Baseball: Handful of players with local ties hope to hear their name sooner than later in First Year Player Draft.

June 04, 2011|By Gabriel Rizk, gabriel.rizk@latimes.com

GLENDALE — After working hard to prove themselves in summer collegiate leagues and with their respective college programs during the past 12 months, a group of homegrown baseball players will now wait to hear their name called in the 2011 Major League Baseball First-Year Player Draft.

Crescenta Valley High grad Dustin Emmons, Glendale alumnus Jesse Meaux and Glendale Community College players Ryan Sherriff and Sako Chapjian will officially engage in the waiting game beginning at 4 p.m. PDT Monday, though none are projected to be first-round picks.

Rather on Tuesday, when the second through 30th rounds will unfold, if not Wednesday, when the remaining 31-50 will be played out, are more likely scenarios for the quartet to be selected.


"I think Sherriff has a huge chance of getting an opportunity to be drafted in the first 20 rounds," Cicuto said. "I would even venture to say he could go a little earlier than 20th.

"I've known him for six months now and every month he's progressed. He's gone from a very good left-handed thrower to a guy who knows how to pitch."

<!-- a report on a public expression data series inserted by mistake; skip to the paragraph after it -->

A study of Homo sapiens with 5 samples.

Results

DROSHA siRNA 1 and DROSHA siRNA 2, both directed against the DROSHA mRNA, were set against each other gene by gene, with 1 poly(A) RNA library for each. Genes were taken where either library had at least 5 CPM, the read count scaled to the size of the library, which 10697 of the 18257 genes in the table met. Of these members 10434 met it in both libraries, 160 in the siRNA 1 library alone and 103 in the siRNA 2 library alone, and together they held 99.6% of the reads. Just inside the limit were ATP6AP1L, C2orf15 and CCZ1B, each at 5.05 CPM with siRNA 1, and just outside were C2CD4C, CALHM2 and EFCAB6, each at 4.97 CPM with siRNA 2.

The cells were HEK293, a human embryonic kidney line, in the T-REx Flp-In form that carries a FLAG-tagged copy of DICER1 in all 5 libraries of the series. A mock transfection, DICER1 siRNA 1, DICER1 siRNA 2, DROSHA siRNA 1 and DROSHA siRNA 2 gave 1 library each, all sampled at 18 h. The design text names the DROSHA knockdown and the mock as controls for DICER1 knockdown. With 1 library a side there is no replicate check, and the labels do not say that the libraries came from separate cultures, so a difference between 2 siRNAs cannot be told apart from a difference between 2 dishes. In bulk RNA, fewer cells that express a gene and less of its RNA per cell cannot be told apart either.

Sherriff, who went 5-4 with a 2.45 earned-run average during the regular season with the Vaqueros this year, has a fastball that can hit the low 90s, accompanied by a changeup and breaking ball that Cicuto said he can throw for strikes, although he didn't have much occasion to do this year.

"We never really used it a lot because we didn't have to," Cicuto said. "When you're a left-hander throwing 91 and you're getting guys out, why change? Did that hurt his opportunity to show scouts? Maybe, but at the same time, a guy with a dominating fastball in and out, that's how you set up your breaking ball. He's going to be just fine."

Emmons and Meaux, senior pitchers who have just finished up playing careers at UC Riverside and UC Santa Barbara, respectively, have also been drafted before.